A special task force that targets doctors, providers, and individuals who defraud Medicare had a record year of prosecutions in 2013, according to the Department of Justice.
Since its inception in 2007, the so-called Medicare Fraud Strike Force has prosecuted 1,700 defendants who bilked the public entitlement for seniors of more than $5.5 billion. Medicare fraud usually comes in the form of unscrupulous doctors and medical providers who take advantage of sick seniors and over-bill them for their treatments.
In 2012, the strike force pulled off one of the biggest fraud busts in American history, arresting 91 people across seven cities for perpetrating $230 million in home care billing fraud and $100 million in mental health care billing fraud.
According to new figures released on Monday, the agency continued that trend in 2013, filing 137 cases against 345 individuals. That ultimately led to 234 guilty pleas and 46 jury convictions.
“The Medicare Fraud Strike Force is one of this country’s most productive investments,” said Acting Assistant Attorney General Mythili Raman of the DOJ’s Criminal Division in a statement. “We are not only putting hundreds of criminals who steal from Medicare in prison, but also stopping their theft in its tracks, recovering millions of dollars for taxpayers, and deterring potential criminals who ultimately decide the crime isn’t worth it.”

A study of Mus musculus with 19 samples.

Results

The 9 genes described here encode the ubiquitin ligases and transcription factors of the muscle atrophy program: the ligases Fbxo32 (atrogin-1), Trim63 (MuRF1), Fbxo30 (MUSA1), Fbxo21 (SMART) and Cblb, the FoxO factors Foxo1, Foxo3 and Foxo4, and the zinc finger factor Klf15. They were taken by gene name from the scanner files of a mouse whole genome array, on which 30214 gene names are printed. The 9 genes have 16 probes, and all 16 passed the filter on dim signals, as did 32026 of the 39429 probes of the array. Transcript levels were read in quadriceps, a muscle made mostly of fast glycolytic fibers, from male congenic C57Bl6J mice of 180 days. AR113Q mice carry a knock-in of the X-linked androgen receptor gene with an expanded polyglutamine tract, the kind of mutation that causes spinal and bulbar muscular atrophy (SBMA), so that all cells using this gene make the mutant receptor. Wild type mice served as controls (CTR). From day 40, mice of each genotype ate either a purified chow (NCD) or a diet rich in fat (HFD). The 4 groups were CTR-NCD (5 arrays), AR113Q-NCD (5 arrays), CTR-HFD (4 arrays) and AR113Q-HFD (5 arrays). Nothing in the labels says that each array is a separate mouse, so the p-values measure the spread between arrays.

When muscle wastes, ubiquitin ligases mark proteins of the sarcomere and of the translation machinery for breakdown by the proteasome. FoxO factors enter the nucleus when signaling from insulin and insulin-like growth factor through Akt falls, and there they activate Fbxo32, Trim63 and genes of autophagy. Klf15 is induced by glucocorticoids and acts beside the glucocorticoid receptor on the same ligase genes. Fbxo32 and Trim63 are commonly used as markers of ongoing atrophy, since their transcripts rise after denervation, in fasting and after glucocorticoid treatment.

A 2013 report by the Department of Health and Human Services Inspector General found that the federal government receives and eight-fold return on every dollar spent by the strike force, lending credence to Raman’s claims about deterrence.
The 2009 stimulus bill and the Affordable Care Act are both likely contributors to the uptick in Medicare fraud busts. For instance, Obamacare allows HHS and the DOJ to coordinate their efforts and encourages new fraud analysis methods that can identify suspicious medical claims, typically in regions with a history of abuse such as Houston, Texas and Tampa, Florida.